Museum puts on special exhibition on emigration for Hamefarin
As part of the Hamefarin celebrations Shetland Museum is hosting a special summer exhibition, From Old Rock to New Life.
The exhibition looks at the story of emigration through biographies of selected settlers and also features items that they owned. Some stories will be familiar to Shetlanders, but most are not.
For over a century thousands of islanders left to seek better lives elsewhere, and the population dropped from 31,000 in 1850 to 19,000 in 1950.
There was not enough land to support the population and hardship, hunger and homelessness forced many to leave. However, other Shetlanders left by choice, because the Empire offered chances that Shetland couldn’t give to seek fortune abroad.
Many Shetlanders sent money back to their relations in poorer circumstances back home, and their letters encouraged more people to leave. Expatriates were proud of their heritage, and some founded Shetland societies.
Newspapers regularly carried advertisements for emigration, and colonial governments appealed for folk to go. Shetlanders were the ideal type: hard-working Protestants. Opportunities were unlimited: some joined the gold rushes, some went to work as servants and others were mariners.
The exhibition is broken into the main areas of emigration. Shetlanders were drawn to Canada by agriculture, especially to British Columbia, in the early 20th century. Huge numbers went to the 1850s gold rush in New South Wales and Victoria, and later the government appealed for people to settle in Australia.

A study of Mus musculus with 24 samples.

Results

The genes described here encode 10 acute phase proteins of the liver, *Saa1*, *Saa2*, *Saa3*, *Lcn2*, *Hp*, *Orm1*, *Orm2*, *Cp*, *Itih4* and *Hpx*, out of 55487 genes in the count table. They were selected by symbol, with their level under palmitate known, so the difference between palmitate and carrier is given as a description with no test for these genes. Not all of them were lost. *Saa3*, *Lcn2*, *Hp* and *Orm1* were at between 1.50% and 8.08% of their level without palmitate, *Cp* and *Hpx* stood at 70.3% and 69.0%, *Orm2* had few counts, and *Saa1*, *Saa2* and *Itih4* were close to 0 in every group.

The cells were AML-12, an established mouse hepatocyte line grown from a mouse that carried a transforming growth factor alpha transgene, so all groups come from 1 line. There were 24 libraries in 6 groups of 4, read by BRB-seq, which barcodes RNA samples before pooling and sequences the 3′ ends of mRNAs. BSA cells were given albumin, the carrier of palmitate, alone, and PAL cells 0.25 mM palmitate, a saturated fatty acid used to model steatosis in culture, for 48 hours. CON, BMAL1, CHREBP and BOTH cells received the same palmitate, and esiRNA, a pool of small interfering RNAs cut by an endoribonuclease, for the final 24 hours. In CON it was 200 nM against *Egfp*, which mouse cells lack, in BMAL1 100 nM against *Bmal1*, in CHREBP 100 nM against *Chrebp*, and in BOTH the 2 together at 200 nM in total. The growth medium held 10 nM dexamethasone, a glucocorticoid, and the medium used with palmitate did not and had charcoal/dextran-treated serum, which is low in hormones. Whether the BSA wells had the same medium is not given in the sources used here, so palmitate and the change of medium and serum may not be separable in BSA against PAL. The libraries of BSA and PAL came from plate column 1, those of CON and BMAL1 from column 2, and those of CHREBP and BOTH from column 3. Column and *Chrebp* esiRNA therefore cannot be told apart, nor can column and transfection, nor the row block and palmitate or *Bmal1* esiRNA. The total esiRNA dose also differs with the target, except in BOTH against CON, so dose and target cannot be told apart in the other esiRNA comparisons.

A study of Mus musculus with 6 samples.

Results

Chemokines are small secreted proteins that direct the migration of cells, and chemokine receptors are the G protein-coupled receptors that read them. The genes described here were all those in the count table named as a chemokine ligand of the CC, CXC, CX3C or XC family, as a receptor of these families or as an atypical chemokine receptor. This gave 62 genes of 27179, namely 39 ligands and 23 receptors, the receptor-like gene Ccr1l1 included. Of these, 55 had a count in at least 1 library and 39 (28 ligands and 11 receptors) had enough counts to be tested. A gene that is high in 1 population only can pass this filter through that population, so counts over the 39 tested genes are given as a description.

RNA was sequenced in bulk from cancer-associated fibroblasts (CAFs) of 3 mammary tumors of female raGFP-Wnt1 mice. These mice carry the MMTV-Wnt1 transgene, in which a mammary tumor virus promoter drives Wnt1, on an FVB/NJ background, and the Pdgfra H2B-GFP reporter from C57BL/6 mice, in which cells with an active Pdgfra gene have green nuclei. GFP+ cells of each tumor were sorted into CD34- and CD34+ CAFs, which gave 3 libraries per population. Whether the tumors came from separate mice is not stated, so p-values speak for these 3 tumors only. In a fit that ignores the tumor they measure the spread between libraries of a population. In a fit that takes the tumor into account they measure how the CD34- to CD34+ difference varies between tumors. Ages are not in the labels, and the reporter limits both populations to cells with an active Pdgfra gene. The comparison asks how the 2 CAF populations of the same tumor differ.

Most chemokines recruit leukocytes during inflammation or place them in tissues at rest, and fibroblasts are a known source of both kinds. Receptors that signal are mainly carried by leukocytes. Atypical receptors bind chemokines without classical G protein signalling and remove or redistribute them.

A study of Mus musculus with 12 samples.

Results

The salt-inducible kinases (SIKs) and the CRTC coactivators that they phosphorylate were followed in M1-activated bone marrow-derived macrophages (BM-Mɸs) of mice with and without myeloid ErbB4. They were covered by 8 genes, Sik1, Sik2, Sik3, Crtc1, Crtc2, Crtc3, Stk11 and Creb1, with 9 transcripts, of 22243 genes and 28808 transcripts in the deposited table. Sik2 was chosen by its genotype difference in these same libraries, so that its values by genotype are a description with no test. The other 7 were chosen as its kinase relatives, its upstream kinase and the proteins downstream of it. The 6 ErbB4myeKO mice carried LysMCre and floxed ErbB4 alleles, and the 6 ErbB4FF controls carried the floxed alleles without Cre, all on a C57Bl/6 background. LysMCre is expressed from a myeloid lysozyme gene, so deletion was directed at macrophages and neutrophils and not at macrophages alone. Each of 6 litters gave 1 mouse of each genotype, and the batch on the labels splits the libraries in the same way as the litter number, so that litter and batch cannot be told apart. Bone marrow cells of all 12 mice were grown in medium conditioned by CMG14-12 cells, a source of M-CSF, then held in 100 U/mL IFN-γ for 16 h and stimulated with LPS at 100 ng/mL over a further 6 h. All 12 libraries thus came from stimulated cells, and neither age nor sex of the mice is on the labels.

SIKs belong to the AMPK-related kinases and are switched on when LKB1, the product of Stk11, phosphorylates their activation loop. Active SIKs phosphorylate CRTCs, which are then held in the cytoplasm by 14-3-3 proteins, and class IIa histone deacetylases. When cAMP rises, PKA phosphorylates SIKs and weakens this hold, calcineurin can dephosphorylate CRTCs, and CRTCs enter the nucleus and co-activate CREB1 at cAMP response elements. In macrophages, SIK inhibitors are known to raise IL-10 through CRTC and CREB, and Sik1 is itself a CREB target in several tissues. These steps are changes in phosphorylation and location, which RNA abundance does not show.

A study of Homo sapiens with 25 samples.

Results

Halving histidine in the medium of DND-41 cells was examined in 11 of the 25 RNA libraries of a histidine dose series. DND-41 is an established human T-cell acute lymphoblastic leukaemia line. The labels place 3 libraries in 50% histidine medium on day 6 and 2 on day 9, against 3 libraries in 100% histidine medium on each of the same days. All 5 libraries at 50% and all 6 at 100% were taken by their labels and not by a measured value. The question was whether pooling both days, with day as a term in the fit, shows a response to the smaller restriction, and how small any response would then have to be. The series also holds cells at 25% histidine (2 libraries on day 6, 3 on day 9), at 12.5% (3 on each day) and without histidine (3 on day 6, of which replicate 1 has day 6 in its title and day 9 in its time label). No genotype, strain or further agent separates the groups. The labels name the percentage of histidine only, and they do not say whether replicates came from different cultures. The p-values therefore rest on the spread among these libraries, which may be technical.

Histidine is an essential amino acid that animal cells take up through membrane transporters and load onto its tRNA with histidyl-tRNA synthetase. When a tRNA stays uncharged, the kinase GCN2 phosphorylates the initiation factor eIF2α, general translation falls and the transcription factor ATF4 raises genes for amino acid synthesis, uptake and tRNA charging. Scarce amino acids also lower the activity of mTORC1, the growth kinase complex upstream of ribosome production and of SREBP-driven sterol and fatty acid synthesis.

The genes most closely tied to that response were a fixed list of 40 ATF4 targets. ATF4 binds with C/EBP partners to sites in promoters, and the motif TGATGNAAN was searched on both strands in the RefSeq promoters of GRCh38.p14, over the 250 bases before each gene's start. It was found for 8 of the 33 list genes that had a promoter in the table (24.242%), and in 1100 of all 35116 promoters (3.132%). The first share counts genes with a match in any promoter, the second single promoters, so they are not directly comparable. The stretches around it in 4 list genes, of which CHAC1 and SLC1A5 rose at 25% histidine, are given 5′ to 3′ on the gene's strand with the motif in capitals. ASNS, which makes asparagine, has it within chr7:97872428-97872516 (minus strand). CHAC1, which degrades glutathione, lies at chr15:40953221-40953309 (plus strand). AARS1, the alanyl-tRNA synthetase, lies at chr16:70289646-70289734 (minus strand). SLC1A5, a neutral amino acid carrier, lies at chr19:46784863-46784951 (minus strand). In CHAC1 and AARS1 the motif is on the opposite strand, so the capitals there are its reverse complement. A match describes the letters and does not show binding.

In New Zealand, Shetlanders were drawn in the 1860s to the south-east, especially Dunedin in Otago, and Stewart Island. Many were gold prospectors and farm servants.
Africa attracted people to mine precious minerals in the Transvaal and Cape Colony, as other Shetlanders worked as missionaries or nurses throughout the continent.
Resettling in mainland Britain was no less an emigration as going abroad, and people commonly went south to work and ended up marrying; they were accidental migrants. Typically, women worked as servants, men as seamen. Most families had someone staying at South Shields or Leith.
Adventurous Shetlanders made new lives in more diverse places, on sugar plantations in the West Indies, in shipyards in the Americas, or in European enclaves in China.
Most Shetlanders went to places in the Empire, but the United States was also a strong influence during 1860-1930. It was seen as a land of promise, and the mid-west was a particular attraction; mariners settled at Chicago, while commerce drew many islanders to Monterey in California.
From Old Rock to New Life will be on show in Da Gadderie from 12th June until 25th July and entry is free.